Saturday marks one of the biggest heavyweight boxing fights in recent times and here are five reasons why Anthony Joshua will beat Wladimir Klitschko.
Joshua’s rise to the top of the heavyweight division is almost complete. Standing in his way on Saturday will be Klitschko.
I predict that come Sunday morning, Joshua will still be undefeated and will be in possession of both the IBF and WBA heavyweight belts.
Thereafter, Jospeh Parker (WBO title holder) and Deontay Wilder (WBC title holder) will be next on his hit-list.
Here is why.
Age ISN’T just a number
Joshua is 27-years-old. Klitschko is 41-years-old. The former’s body is stronger, faster and more powerful than the latter’s. Of that there can be little doubt.
And the significance of the 14-year age difference cannot be underestimated. Yes, Klitchscko has 40 more professional fights than Joshua but I would rather be younger and more able than wiser and smarter.
Some might point to George Foreman’s victory over Michael Moorer to become IBF and WBA heavyweight champion back in 1994 at the age of 46 as evidence that age IS just a number.
However, I do not believe that achievement holds relevance in this day and age where strength and conditioning has taken on a far more scientific approach than ever before.
Athletes today, for the most part, operate at optimal efficiency. Joshua’s 100 per cent will be superior to Klitschko’s 100 per cent.
Joshua holds the psychological edge
What goes hand-in-hand with the physical benefits of Joshua being far younger than Klitschko, are the mental benefits of Joshua having his entire career ahead of him. Defeat on Saturday would be disappointing but not career ending for Joshua.
On the contrary, Klitschko’s brother, Vitali, has already stated that if the 41-year-old loses, it would most likely spell the end of his time in boxing.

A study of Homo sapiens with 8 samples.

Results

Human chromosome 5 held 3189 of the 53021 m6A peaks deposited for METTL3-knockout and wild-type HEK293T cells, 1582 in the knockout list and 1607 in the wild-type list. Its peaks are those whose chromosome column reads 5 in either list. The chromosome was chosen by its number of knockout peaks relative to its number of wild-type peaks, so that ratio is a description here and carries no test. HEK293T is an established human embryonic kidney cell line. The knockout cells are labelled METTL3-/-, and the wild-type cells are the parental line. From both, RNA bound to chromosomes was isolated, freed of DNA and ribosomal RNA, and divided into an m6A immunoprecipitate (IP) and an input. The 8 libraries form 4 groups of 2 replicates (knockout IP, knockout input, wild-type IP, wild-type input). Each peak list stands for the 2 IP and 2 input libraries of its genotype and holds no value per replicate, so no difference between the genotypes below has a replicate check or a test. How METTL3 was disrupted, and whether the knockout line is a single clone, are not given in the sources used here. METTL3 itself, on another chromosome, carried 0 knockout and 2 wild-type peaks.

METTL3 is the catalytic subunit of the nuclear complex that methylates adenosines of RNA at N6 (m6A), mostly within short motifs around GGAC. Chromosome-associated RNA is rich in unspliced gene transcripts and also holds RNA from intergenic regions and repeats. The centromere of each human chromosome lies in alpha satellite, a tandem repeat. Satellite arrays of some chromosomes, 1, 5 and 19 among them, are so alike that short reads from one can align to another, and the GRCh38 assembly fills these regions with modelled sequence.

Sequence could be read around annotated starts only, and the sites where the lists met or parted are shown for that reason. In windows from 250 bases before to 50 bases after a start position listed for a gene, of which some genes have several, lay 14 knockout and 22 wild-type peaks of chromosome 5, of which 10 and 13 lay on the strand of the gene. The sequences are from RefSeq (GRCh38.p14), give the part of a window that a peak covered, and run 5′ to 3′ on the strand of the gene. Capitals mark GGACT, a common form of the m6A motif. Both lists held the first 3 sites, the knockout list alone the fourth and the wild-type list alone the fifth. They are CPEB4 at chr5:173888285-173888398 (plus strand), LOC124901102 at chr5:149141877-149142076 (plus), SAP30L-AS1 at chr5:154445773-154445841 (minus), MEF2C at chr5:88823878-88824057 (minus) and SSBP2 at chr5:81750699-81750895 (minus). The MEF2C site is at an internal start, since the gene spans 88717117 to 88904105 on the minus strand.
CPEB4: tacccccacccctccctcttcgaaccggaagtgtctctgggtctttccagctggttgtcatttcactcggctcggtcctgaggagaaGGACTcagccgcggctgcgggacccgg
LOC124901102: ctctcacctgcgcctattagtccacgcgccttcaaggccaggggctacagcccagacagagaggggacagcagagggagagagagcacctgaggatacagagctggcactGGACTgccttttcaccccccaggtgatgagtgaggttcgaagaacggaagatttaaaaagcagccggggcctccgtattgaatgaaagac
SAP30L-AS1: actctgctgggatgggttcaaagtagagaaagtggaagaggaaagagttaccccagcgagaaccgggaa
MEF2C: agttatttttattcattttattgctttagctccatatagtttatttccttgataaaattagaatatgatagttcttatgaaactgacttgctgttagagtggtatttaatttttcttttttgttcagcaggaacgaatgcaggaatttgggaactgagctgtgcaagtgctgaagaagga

Consequently, one can expect Joshua to be looser, freer and more relaxed while Klitschko will surely be restricted by the pressure of doing battle with his career on the line.
Joshua’s knock-out ability
For a fighter whose only mode of victory in professional boxing has been via knock-out, loose, free and relaxed is the perfect mental space to be in.
Joshua has 18 fights to his name and 18 victories that have all come about as a result of his opponents hitting the canvas. A brief review of the final moments of all his wins reveal just how much damage this guy’s fists can cause.
Klitschko has only won via knock-out in 78 per cent of his bouts. He is far more of a tactician than a knock-out artist and will most likely look to out-point Joshua.
I struggle to see that happening. Couple the relatively relaxed frame of mind Joshua will be in with his immense force, and I just can’t see how Klitschko will live with him for 12 rounds.
Joshua knows Klitschko better than Klitschko knows Joshua
Not a huge amount has been made of the time Joshua spent in Austria as a sparring partner for Klitschko as the Ukrainian prepared to face Kubrat Pulev in late 2014.
The dynamics of that relationship are interesting. Klitschko’s focus was on Pulev, Joshua’s focus was on Klitchsko. I believe that it is fair to assume that Joshua will have gained far more insight into Klitschko than vice versa.
And that could well prove to be decisive. Having got a feel for how Klitschko throws punches and deflects them, Joshua will have an idea of what to expect. In boxing that is huge.
To hammer home that point, in Ricky Burns’ recent light-welterweight defeat to Julius Indongo, the Scot said the Namibian hit and moved in a way he could never have imagined and so never trained for.
Joshua will have no such problems after the weeks he spent studying Klitschko. Klitschko might well have lost this fight 13 years ago when he opted to hire Joshua as a sparring partner.
Home crowd advantage
Klitschko gave up his bargaining power in the negotiations for this fight when he succumbed to Fury in 2015. A consequence of that was Eddie Hearn, Joshua’s promoter, assuming control of a lot of the details pertaining to this meeting.
The fight will be fought at Wembley Stadium which is located not only in the country that Joshua is from but also in the city that he grew up in.
Joshua has boxed before at Wembley Stadium, Klitschko hasn’t. In fact, he has only ever fought once in the United Kingdom.
The support Joshua gets in his home country is wildly loud and passionate. He will draw great energy from his people.
Klitschko, even for all his experience, will do extremely well to be unaffected by the crowd.
In the unlikely event that the fight does go the distance, the judges decision could easily be influenced by the sway of the gregarious home support.